Another One in the Books... NOAA UAS Science Team Completes Second Milestone Operation to Aid Hydrologists with Improving Flood Forecasts
Article Provided By: John Walker, Contract Support For The NOAA UAS Program Office, and Photos / Figures From John Walker And Robert Moorhead, Director Of Northern Gulf Institute
For the second time in two months, NOAA's Northern Gulf Institute (NGI) and Mississippi State University's Raspet Flight Research Laboratory successfully executed UAS operations to provide data to the National Weather Service's (NWS) Lower Mississippi River Forecast Center (LMRFC). With funding provided by the NOAA UAS Program Office, and in response to expressed needs for aerial imagery by the LMRFC following a historic rainfall event, Dr. Robert Moorhead (Director of NGI and principle investigator of the "SHOUT4Rivers" parent project) and his team conducted operations of a large, "Group 3" UAS over vast areas of flooding near Greenwood, MS in February 2019. The primary goal for that first mission was to provide forecasters with critical information to indicate water level heights and show locations of inundation. The data was transmitted in near real-time to the LMFRC office in Slidell, LA to help hydrologists update flood warnings and generate more accurate forecast products for use by emergency managers and the general public. “We were able to see the water as it rose over the course of two days, which helped our office confirm when the crest had been reached,” said Dr. Suzanne Van Cooten, hydrologist-in-charge at the LMRFC.
Now following those successful February operations, the crew was recently tasked with yet another important mission to help fulfill more NWS LMRFC data needs. With additional heavy rainfall events from March and April, exasperating flood conditions in several not-yet-fully recovered locations, the team was deployed this time to Greenville, MS, with operations taking place in a critical area along the Mississippi River in late April. As was the case with the previous operation, large swaths of areal imagery were mapped and will be mosaicked together before being sent to NWS forecasters in Slidell to provide them with actual inundation maps that will help them verify and update their models. This type of data contains a wealth of new information, going well beyond that of the individual water gauge point data that these forecasters must typically rely upon.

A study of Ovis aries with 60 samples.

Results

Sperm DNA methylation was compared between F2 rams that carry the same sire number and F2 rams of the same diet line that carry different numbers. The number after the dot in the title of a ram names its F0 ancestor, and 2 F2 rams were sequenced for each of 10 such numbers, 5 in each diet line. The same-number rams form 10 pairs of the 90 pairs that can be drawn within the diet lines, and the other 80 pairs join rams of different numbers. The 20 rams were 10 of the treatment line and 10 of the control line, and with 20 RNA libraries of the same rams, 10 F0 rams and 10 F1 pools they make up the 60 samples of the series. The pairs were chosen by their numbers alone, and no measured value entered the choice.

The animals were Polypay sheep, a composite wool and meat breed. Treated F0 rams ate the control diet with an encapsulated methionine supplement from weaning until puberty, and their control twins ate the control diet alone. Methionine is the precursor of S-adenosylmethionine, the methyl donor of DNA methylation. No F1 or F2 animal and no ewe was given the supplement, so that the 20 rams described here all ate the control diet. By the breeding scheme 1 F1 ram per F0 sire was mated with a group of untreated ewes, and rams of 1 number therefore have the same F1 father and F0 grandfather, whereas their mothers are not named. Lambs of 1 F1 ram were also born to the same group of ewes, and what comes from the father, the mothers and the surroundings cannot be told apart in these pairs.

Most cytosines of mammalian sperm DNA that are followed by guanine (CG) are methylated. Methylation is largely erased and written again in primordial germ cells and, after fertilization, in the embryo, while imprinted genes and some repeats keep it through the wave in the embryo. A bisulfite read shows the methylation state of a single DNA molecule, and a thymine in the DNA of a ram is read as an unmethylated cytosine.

During this second mission, Dr. Moorhead's team was also able to achieve a few more accomplishments. In addition to executing operations from an entirely new base location, across the river at the Lake Village Municipal Airport in Arkansas, the crew maintained enhanced situational awareness by streaming and archiving real-time video directly from the platform. Also, with the mission taking place on what was an otherwise typically busy day for manned agricultural aircraft operations in the area, another big milestone demonstrated was the ability to seamlessly integrate the UAS platform into the take off and landing pattern there at an active airport. John Walker, a Cherokee Nation Strategic Programs contractor, supporting the NOAA UAS Program Office, said of the operation, "It was very interesting to observe how all of the local pilots and airport management staff really took to and embraced the operation. There was a steady shuffle of folks walking over throughout the day to check it out and ask insightful questions." Walker went on to relay one story, following the successful landing of the UAS platform to conclude the day's operation, "The next pilot circling around in the queue to land in the right-hand traffic pattern jokingly radioed in, 'Get that mosquito off the runway!' Of course, it was all in good fun, and it offered just the right amount of levity to wrap up the mission."
Next up, and with more than a year left in this exploratory project, Dr. Moorhead and his team will continue to work closely with Dr. Van Cooten and others from NWS. With continued support from the NOAA UAS Program, they will identify additional opportunities and explore new approaches for collecting, processing, and disseminating UAS-based aerial imagery to aid forecasters in providing timely, accurate products for the benefit of communities all over the country. Although it is too early conclude anything, it is possible that operations like these may someday soon become yet another useful tool for NWS and other public agencies to aid them in better performing their missions for the general public.